Yorkshire biathlete put on some serious muscle changing his diet on the Titan Force project
Very few people realise how important diet and nutrition are to getting the physique that they want.
It's not just what you eat, though - but how much you eat that determines what kind of shape you're in.
Overeating (especially the wrong kinds of food) will make you gain weight, but undereating can be just as bad.
If you're looking to put size on then you're going to have to eat a considerable amount of extra calories in your diet - and many people don't even come close.
Jordan Mounsey was one of those people. The superfit 22-year-old Yorkshire lad has competed for GB biathlon as well as playing rugby league - but he always struggled putting muscle on.
That was until he signed up to the Titan Force project along with eight other guys to transform their physiques and raise money for the Teenage Cancer Trust.
With his intense calorie-burning running and swimming training every week it was going to be difficult to put muscle mass on. But the Titan Force guys looked at his diet and found he was about 1500 calories below where he should probably be eating for a guy his size and activity level.
But with a beefed up diet plan with 5,000 calories and a strict weights programme he managed to gain half a stone of muscle - adding 5cm to his neck and 7cm of extra size and thickness to his chest.
Jordan, who just graduated from Hull University with a degree in sports rehabilitation, explained that he started Titan Force as a new challenge and direction in his training.
''My reason for wanting to change my physique and fitness was partially down to the fact I've always lacked a lot of self confidence, especially when put in front of people I may not know too well.
''Doing this and working closely as a group gave me a new angle to work on that and to make me feel a bit better about myself and be able to put myself in the spotlight a bit more.''
Jordan, who is now currently head rehaber at Beverley ARLFC and acting therapist for Hull FC, had a strong athletic background so had a solid knowledge of how to get fit.
But his background in biathlon meant his training was largely based around swimming and running and he says he lacked a deep knowledge of gym work and how to implement an effective weights programme over a period of time.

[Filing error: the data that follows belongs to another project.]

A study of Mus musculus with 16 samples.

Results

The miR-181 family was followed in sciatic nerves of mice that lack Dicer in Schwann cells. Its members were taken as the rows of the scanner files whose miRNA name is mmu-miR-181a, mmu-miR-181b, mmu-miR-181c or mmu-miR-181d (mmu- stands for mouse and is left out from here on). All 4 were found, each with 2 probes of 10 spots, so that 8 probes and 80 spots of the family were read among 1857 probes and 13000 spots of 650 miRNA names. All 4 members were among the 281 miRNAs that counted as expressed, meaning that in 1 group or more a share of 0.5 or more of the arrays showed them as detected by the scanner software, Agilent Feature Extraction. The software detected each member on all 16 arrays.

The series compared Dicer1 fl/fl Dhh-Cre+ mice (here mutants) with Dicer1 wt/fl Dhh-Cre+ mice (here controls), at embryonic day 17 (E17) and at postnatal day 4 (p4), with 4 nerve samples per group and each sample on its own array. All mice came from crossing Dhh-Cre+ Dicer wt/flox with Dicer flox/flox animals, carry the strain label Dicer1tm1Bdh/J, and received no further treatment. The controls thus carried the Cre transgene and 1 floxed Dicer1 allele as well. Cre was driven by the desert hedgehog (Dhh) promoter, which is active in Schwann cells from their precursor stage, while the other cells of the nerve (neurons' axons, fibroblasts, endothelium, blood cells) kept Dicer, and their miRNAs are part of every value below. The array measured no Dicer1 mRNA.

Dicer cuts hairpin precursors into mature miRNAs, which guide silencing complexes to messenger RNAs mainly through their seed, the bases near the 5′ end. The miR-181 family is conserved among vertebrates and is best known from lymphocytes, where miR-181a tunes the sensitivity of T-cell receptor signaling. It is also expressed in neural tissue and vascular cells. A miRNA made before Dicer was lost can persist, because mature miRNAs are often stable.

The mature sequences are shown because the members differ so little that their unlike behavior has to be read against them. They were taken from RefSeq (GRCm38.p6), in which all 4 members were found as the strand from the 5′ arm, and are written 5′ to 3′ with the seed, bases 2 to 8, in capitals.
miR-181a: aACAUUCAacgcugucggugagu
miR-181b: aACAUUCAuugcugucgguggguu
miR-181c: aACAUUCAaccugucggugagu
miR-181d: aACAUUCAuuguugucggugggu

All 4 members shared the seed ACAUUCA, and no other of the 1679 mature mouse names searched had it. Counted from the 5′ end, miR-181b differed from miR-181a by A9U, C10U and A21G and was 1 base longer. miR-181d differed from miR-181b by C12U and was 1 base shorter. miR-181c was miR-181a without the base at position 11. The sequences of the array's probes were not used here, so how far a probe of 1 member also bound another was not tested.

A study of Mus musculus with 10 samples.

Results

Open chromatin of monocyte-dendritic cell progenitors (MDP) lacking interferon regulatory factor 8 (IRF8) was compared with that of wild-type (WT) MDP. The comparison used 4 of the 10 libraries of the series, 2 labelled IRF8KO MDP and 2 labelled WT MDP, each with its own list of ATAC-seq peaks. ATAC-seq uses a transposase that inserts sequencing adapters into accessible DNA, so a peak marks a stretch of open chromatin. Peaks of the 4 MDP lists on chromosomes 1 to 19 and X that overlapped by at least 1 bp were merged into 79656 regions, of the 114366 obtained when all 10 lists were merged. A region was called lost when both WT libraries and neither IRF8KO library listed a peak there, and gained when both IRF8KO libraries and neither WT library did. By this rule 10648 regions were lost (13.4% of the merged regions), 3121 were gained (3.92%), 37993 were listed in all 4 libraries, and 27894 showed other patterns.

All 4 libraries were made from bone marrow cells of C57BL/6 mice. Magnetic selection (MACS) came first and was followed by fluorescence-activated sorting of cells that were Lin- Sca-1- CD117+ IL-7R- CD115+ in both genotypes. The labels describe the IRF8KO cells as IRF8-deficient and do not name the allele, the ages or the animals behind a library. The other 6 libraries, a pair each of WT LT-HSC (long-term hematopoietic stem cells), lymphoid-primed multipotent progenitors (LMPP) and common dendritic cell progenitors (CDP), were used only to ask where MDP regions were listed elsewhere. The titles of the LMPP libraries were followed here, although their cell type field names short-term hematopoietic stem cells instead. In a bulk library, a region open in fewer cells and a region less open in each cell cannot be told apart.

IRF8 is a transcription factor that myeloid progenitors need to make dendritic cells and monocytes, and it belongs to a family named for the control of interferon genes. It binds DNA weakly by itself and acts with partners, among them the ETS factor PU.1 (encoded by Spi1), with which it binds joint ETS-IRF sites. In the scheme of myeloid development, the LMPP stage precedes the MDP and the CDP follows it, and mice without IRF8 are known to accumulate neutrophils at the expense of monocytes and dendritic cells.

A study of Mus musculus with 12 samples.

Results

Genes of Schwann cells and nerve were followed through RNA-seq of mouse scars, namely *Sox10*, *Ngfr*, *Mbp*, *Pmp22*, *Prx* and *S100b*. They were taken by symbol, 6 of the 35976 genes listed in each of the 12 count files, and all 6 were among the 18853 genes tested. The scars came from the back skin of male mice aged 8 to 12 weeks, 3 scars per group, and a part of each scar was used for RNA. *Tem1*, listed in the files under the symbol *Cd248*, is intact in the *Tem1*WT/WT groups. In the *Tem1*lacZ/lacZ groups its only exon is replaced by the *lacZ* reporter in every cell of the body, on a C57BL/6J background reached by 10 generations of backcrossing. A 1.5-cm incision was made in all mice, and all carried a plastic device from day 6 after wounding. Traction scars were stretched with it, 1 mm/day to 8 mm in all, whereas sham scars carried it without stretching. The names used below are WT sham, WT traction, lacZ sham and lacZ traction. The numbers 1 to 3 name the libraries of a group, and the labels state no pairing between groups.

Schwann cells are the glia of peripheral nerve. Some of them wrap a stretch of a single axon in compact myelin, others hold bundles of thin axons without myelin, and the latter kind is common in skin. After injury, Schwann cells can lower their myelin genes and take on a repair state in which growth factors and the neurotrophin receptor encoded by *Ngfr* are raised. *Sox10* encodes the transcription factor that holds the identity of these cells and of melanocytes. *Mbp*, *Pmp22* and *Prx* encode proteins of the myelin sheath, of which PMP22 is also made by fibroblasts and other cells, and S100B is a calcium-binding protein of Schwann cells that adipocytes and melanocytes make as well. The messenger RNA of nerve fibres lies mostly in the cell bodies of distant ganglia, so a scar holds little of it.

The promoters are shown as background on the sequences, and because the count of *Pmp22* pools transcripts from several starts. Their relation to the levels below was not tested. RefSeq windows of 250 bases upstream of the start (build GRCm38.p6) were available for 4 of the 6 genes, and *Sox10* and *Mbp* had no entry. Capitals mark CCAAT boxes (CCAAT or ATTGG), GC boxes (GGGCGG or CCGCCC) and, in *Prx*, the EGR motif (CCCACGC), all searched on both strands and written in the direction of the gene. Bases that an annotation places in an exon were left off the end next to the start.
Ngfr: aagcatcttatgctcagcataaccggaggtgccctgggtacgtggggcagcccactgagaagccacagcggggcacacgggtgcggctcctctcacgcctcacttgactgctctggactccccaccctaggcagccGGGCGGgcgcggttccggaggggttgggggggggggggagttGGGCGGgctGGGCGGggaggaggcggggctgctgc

It was the first time he had done a structured weights programme but he said it was 'tough'.
He was training between four and fives times a week mainly focused on full body workouts with supersets and power exercises.
This was mixed up with raw strength work on compound movements like the deadlift and squat along with bench press, overhead press and barbell work like rows.
''It was intense and very tough. If you wanted to make it hard and push yourself this training was incredible and so rewarding.
''There was a good balance of super-setting and then others where it was pure strength/ power where you could really max out doing about 5 reps each time.
''There was the encouragement to always jump up weights to push yourself and make it even better.
''My training has developed largely over the six months, after the great insight and guidance from the project i'm able to go in the gym and implement a better and more structured programme to suit what my aims are. Also seeing new exercises and variations and always being given help throughout has helped me adapt to make my workouts much more effective.''
While his training was excellent - seeing him do one or two sessions a day before he started university - he admits his diet was not quite as regimented.
''Diet wise however I have never had any structure and never had any diet plans to work to, even around my sport, so for this area I had always been a bit amateur with that area of my sport and training.
''One problem I had always had is putting on weight, no matter how much food I consumed. I believe this is simply down to the sheer amount of training and endurance work I did within my training to fit with my competitions.''
Luckily the right nutrition advice was on hand throughout the six month programme from Hull personal trainer and former Royal Marine Rich McKeating and ex-bodybuilding champion Dan Norman.
He learned some invaluable knowledge about how to eat 'properly' - timing his meals and using his diet to add weight and lean muscle mass in conjunction with his gym work.
Because of the sheer amount of calories he was burning he upped his daily calorie levels to 5,000 and was eating five or six meals per day when he was bulking up.
But this was tapered down towards the end of the plan as he looked to cut more body fat.
''I was given guidance on which foods to eat and which were best to put into the diet and others I should remove, which pretty much straight away started to have the desired effect.
''Having gained the knowledge I have in terms of diet it's helped me channel what I eat and when. It's also helped me try new foods and new meals which I now use a lot.
''It was hard to eat so much at times but knowing what works for me and what I need is definitely something I can use moving forward.''
One of the main things Jordan says he's learned about his own body and training on the project is how to put mass on effectively.
''I have now seen I can put on weight, but good weight - putting muscle on and good size through a combination of diet and training.
''Having now been shown how to setup a structured diet plan with foods and meals that work for me it's helped me work up a much healthier meal plan
''Even though going forward I may not be so ruthless on myself on how strict I am eating, I will have a much greater awareness and really try to keep as close to a great daily diet as possible.''
You can sign up to do the Titan Force challenge and raise money for the Teenage Cancer Trust while getting in the shape of your life - whether you want to bulk up or lean out. You can find out more about how to get involved in January right here.